Body mass index, or BMI, is the number many teens should be paying attention to. But they are often obsessed with their own weight rather than whether they are healthy. Here's what parents should know.
Remember when teaching the toddler not to hurl food at the family pet or enticing your grade-schooler to eat his peas made up your biggest meal-time issues?
If that toddler has grown into a teenager who experiments with a different diet plan every other week, your parenting focus probably needs to shift yet again.
Dr. Gregory Bennett, associate professor of pediatrics at Southern Illinois University School of Medicine in Springfield, Ill., says that while parents shouldn’t obsess over a child’s weight or body size, the body mass index (BMI) is an important indicator of overall health.
According to the Centers for Disease Control and Prevention, BMI is made up of a person’s height and weight to determine his or her “fatness.” BMI can be used to screen for weight categories that may lead to health problems.
“I think it’s probably worth it when they (children) have annual checkups to ask the doctor about their body mass index,” he said.
“Where does the BMI plot out? How does it compare to last year? Little changes in BMI can be an early clue for a doctor, and it’s a good thing to talk about every year, every visit.”
Last month, The Journal of Adolescent Health reported results from a 10-year study that indicates teenagers who engage in extended cycles of yo-yo dieting end up increasing their body mass index years later: “Specific weight control behaviors used during adolescence that predicted large increases in BMI at 10-year follow-up included skipping meals and reporting eating very little (females and males), use of food substitutes (males), and use of diet pills (females).”
The report’s authors went on to say: “It is crucial to find ways to steer young people away from these ineffective and potentially harmful weight control behaviors, and provide support for the adoption of healthful eating and physical activity behaviors that can be implemented on a long-term basis.”
Avoiding the attraction of the latest quick diet fix is a challenge, not only for teenagers but for adults.
Bennett believes that instead of worrying about a child’s body size, parents should instead focus their children (and themselves) on three areas: adequate exercise, healthy food choices and drinking plenty of water.
“Everyone thinks their kids are active, but the truth is that most aren’t getting good quality exercise,” he says. “Children should definitely exercise on a daily basis — 20 to 60 minutes of true exercise.”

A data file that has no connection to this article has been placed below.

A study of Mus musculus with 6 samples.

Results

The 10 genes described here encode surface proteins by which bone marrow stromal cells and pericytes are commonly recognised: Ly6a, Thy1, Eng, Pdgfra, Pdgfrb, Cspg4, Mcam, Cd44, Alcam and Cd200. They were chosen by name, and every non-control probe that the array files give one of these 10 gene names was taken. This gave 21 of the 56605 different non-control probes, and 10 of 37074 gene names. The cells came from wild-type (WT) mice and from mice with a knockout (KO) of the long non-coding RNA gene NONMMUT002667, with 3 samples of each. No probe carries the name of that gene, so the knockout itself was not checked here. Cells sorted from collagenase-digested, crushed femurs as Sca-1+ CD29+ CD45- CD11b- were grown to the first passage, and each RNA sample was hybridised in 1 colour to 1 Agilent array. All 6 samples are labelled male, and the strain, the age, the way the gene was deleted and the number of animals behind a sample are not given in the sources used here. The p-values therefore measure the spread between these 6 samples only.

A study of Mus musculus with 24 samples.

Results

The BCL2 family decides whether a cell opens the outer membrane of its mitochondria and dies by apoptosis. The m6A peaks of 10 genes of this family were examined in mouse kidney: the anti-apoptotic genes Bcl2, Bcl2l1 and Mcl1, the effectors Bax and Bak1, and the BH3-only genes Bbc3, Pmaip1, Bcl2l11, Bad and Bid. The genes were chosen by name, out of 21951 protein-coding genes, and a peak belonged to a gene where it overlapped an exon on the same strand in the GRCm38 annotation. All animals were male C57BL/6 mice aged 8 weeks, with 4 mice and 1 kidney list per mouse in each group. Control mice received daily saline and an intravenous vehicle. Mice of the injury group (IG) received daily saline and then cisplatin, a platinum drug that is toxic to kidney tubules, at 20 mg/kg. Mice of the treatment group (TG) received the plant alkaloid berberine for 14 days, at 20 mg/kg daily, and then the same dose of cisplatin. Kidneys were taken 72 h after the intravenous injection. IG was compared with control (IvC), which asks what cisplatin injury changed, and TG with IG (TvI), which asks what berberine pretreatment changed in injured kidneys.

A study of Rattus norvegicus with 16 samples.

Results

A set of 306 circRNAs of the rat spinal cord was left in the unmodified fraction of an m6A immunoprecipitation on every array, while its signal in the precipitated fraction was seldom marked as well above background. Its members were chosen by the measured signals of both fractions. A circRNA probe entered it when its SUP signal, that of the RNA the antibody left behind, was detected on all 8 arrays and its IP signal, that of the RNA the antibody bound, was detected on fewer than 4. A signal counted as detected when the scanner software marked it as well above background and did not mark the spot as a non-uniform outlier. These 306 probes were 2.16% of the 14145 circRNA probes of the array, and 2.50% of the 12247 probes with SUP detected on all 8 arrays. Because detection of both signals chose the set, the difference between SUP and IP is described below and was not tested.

Bennett said most kids don’t get that amount of exercise daily, but they are capable of achieving it. He recommends involving friends or even parents because people tend to be more successful with exercise when they have someone to do it with.
How they look at it
Teen’s food choices alarm parents, however, especially when their child is experimenting with different diets or simply exhibiting unusual behavior at mealtime. Sometimes that behavior can lead to more serious issues, including eating disorders such as anorexia or bulimia.
Pat Scott is the student assistance coordinator for Glenwood High School in Chatham, Ill. She says parents should be alert when their children start eating only fruits or vegetables, push food away or become preoccupied with taking in only small portions.
“Another sign is when your kids aren’t spending time at family events where people will eat and celebrate,” she says. “Maybe they back out of those activities because they are becoming more obsessed with their weight.”
She adds that adolescence is a time when both boys and girls begin to pay extra attention to their bodies. It’s not just girls who struggle with self-esteem related to their body image, either. Boys can strive to emulate the body image of athletes or even other students who are lifting weights and working out.
Bennett agrees that self-perceptions begin to change when adolescence takes hold.
“All kids probably have some distortion of their body image where what they see when they look in the mirror may not be what others see,” he says. “To an extent, that’s normal. When we become concerned is when that becomes out of control.”
For example, he says, some kids have such a distorted body image that it can cause them other problems in their social interactions, with their family and with their health.
“If you truly have a patient who believes they are fat when everyone else thinks they are too thin, that’s a problem,” Bennett said.
He also frowns on the idea of dieting in general.
“I don’t think I’ve ever talked with a child or adolescent where my recommendation was to go on a diet,” Bennett said. “It just doesn’t work. The recommendation I would always make for someone who is overweight or underweight would be a much more global approach to just being healthy. Make smart choices about what you eat, what you drink. Definitely begin a lifetime commitment to daily exercise.”
When you approach it from all those angles, he adds, you have a higher success rate to have and keep a healthy BMI.
The Centers for Disease Control and Prevention have an online body mass index calculator. Use it at http://tinyurl.com/b53foz
A BMI of between 18.5 to 24.9 is considered normal for an adult. Adults are overweight if their body mass index is between 25 and 29.9, and considered obese if the BMI is 30 or larger.
For teens and children, calculate BMI at http://apps.nccd.cdc.gov/dnpabmi.